When does it make sense to refurbish mixing equipment?

Feb. 2, 2021
It is typically less expensive to refurbish equipment and it is often easier to achieve budgetary approval for working on currently owned mixers rather than purchasing a new one.

Industrial mixers are a significant investment and can last a very long time. Processing needs can sometimes change, however, prompting the need to decide whether to refurbish an existing mixer or invest in a new one.

Refurbishing mixing equipment offers a variety of benefits including:

  • Reduced downtime
  • No hassles due to tearing out existing equipment and installing new equipment
  • Ease and convenience due to working on a mixer already in place
  • Lower costs

It is typically less expensive to refurbish equipment and it is often easier to achieve budgetary approval for working on currently owned mixers rather than purchasing a new one.

Due to the sanitation requirements for numerous mixing applications, many processing facilities are acutely conscious of the impact on facility air quality that dust and powders can have. Poorly designed doors, deteriorated gaskets and worn seals are all escape points for powder, dust and fumes from mixing. A few simple upgrades can close the gaps for old mixers. Retooling doors and adding replaceable O-ring gaskets are low-cost, high-return tactics that can reduce cleaning costs, improve air quality and minimize hazards such as combustible powder in the air.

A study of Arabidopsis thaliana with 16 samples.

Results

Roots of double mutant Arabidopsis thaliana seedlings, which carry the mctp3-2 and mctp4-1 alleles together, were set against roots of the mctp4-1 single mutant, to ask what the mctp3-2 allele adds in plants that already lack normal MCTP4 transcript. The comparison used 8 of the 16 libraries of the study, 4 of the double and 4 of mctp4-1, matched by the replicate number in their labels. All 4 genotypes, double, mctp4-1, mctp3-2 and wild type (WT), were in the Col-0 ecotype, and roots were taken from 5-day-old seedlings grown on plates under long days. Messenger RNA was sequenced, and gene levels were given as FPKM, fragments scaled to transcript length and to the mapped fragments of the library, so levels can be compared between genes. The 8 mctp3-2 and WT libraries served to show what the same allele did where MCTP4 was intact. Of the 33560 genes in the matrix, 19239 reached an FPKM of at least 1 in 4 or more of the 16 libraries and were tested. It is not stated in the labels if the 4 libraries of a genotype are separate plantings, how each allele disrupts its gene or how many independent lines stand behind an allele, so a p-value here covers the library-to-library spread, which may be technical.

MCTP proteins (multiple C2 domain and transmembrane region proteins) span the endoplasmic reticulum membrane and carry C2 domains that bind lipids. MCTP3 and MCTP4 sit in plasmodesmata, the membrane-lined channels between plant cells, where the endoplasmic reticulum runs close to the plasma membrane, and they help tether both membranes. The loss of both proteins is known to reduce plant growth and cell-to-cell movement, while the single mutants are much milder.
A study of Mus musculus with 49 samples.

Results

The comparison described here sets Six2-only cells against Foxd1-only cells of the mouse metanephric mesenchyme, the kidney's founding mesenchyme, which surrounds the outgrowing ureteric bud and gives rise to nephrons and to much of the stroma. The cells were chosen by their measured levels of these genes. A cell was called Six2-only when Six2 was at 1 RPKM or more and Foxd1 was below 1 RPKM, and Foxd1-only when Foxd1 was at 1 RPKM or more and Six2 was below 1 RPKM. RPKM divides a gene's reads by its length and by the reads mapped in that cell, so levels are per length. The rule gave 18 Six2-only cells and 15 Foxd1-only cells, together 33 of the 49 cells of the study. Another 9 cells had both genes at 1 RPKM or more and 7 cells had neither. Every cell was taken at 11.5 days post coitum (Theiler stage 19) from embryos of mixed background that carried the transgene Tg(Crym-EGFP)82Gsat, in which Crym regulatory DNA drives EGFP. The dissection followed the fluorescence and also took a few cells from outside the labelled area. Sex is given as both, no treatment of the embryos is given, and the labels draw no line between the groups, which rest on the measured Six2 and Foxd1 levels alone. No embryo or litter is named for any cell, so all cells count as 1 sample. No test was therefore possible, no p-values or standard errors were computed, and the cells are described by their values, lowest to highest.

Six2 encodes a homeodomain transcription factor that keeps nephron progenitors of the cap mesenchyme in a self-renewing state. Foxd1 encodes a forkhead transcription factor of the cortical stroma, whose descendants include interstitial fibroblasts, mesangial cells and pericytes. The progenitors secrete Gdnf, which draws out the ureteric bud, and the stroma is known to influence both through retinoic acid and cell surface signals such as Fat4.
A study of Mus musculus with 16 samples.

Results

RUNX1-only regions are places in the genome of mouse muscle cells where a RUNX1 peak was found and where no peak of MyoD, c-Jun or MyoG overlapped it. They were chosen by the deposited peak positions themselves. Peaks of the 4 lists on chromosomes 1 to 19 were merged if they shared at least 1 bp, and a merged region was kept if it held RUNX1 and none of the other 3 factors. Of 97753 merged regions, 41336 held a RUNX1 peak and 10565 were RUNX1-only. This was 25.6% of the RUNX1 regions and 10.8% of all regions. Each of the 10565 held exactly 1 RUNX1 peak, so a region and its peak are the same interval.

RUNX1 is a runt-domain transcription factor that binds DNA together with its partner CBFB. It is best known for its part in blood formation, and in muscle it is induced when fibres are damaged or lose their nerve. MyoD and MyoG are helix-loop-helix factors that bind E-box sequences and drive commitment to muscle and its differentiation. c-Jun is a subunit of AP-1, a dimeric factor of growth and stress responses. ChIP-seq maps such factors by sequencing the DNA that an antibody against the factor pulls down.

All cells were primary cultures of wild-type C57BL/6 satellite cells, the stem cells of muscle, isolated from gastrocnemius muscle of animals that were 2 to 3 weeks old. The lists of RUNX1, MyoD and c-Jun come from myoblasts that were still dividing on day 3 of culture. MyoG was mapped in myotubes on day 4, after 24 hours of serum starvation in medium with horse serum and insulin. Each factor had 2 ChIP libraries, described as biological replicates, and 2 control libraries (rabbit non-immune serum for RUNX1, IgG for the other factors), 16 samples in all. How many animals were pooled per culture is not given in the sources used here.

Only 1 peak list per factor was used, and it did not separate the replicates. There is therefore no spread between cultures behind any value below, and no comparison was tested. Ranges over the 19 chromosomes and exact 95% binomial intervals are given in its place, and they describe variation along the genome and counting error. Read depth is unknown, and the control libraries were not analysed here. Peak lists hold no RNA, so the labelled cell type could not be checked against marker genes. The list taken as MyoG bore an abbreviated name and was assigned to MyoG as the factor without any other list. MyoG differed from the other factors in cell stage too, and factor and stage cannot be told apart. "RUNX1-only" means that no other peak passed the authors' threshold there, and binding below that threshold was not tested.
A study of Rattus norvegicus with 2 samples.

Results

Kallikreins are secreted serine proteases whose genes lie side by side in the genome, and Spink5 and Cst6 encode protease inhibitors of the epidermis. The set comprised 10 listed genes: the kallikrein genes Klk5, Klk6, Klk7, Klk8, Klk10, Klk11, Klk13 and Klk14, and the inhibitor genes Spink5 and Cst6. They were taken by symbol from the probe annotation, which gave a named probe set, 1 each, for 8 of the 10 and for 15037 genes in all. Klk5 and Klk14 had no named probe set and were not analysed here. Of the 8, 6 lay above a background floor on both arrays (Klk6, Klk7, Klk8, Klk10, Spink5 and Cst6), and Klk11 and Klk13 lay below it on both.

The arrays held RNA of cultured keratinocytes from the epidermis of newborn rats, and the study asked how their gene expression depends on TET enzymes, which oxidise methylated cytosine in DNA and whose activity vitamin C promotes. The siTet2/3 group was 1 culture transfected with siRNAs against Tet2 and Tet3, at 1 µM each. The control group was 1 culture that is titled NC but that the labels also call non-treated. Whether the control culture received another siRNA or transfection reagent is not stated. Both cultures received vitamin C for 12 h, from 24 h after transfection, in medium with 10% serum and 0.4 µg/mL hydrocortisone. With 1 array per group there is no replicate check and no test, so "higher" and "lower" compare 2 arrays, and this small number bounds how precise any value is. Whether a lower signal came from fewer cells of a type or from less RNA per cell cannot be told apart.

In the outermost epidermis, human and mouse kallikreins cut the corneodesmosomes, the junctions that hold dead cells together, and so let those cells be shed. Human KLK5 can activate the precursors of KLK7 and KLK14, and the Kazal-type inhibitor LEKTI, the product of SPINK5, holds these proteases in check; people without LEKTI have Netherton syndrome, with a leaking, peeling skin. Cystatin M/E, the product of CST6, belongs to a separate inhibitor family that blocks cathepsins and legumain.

Upgrading agitation is another way to breathe new life into old mixers. Agitators are central to mixer performance and the type of agitator in the mixer will determine what kinds of mixing can be accomplished. Replacing or completely changing the agitator can revive an old mixer or help transition a mixer from one form of mixing to another.

Refurbishing a mixer does not necessarily need to be done by the original manufacturer. In fact, in some cases, the original manufacturer of a mixer may no longer be in business. Another mixer manufacturer may be able to complete an overhaul or upgrade a mixer that is not their own brand. For example, Marion Performance Group works with a range of equipment brands, whether they are still in business or not, to upgrade and rehabilitate mixing equipment so that it performs well for companies in the food, pharmaceutical, chemical and other processing industries.

Larry Moser has been the general manager at Marion Performance Group for nearly five years. He has nearly 30 years of experience helping customers in several different market sectors meet their challenges.